By Kimberlee Kruesi, Associated Press
BOISE, Idaho (AP) — Advocates of a proposal to amend Idaho's constitution to strengthen its crime victims' bill of rights said Monday that the statewide cost would be less than 1 percent of what the state already spends on public safety each year.
The new economic analysis comes just weeks before Idaho lawmakers are expected to gather in Boise to kick off the 2018 legislation session. Along with setting the state budget and discussing possible tax cuts, lawmakers will once again consider sending the so-called "Marsy's Law" to the ballot next year.
The proposal would change Idaho's 1994 Victim Rights Amendment by requiring victims to be timely notified of all court proceedings involving suspects, as well as allowing victims be heard at each step of the legal process.
It also would declare that full and timely restitution from economic losses due to a crime is not only a right but also should be prioritized. The definition of a crime victim would include "any person or entity directly and proximately harmed" by the crime.
Opponents of the proposal have long warned of the costly unintended consequences, an argument that ultimately helped kill a similar proposal during the 2017 session. Monday's analysis was an effort to counter those concerns.
According to research economists with the consulting firm ECONorthwest, it would cost the state $553,000 annually to implement the changes. In comparison, Idaho lawmakers allocated $326 million for public safety in the fiscal year 2017 budget — this includes the Idaho Department of Correction, Department of Juvenile Corrections, Idaho State police and state's judicial branch.
"While we know additional resources would be required, knowing the magnitude of such resources is a challenge empirically," the report stated. "Some counties are unlikely to experience any substantial increase in resources required, as current efforts to notify victims are already aligned with the requirements of Marsy's Law."
The report estimated the state would have to hire roughly 13 full-time employees to manage the new victim notification requirements throughout the state's 44 counties as outlined under the new proposal. The report did not specify which counties would have to hire a new employee.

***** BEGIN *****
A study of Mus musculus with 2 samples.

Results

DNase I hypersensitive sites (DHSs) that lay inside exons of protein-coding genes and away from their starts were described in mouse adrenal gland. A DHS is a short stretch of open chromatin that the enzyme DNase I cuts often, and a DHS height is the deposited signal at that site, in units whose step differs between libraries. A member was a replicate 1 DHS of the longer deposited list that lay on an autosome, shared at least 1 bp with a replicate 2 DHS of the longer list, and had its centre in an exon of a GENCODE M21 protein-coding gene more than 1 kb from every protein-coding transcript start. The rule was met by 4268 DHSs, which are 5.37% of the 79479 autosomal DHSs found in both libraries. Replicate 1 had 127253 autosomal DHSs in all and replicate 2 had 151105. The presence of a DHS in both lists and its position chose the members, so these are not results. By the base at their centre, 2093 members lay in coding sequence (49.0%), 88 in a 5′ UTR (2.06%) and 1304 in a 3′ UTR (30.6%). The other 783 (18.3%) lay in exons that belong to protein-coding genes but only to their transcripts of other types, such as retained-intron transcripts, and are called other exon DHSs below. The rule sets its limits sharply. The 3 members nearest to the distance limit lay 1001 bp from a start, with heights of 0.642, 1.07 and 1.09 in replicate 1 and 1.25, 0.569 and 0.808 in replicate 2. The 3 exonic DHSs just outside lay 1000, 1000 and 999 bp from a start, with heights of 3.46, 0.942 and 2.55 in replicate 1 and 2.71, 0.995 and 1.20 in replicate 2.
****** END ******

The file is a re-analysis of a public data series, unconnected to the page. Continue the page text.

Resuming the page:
"From the outset, we've anticipated there would be minimal costs associated with strengthening and updating victims' rights here in Idaho, and this study confirms that," said Sen. Todd Lakey, a Nampa Republican and lead sponsor of Mary's Law, in a prepared statement.
During the 2017 session, Lakey had estimated the cost of the bill would be around $205,000. That amount, however, only applied to putting the issue on the ballot and did not consider hiring extra resources to help implement the changes.
Leo Morales, executive director of the American Civil Liberties Union of Idaho, called the report "premature."
The ACLU voiced concerns during the 2017 session of potential problems an expanded victims' rights amendment could cause and argued that the current system would be served with better funding.
For example, the ACLU has argued that the state already has a history of failing to protect the constitutional right of defendants and has faced legal challenges.
"We anticipate the cost to be much higher," Morales said. "When you think of the expanded definition of a victim and possible enforcement, the cost of this bill could be in the millions."
Similar proposals have been approved in Illinois, Montana, North Dakota and South Dakota, and efforts are under way to have the proposal placed on ballots in nine other states, including Oklahoma.
A constitutional amendment requires two-thirds support from the House and Senate, as well as a simple majority from voters.
Marsy's Law is named for a California woman killed in 1983 by her ex-boyfriend, who then was released on bail without notice to her family; family members were unexpectedly confronted by the killer in a grocery store after a visit to the young woman’s grave, a week after the murder.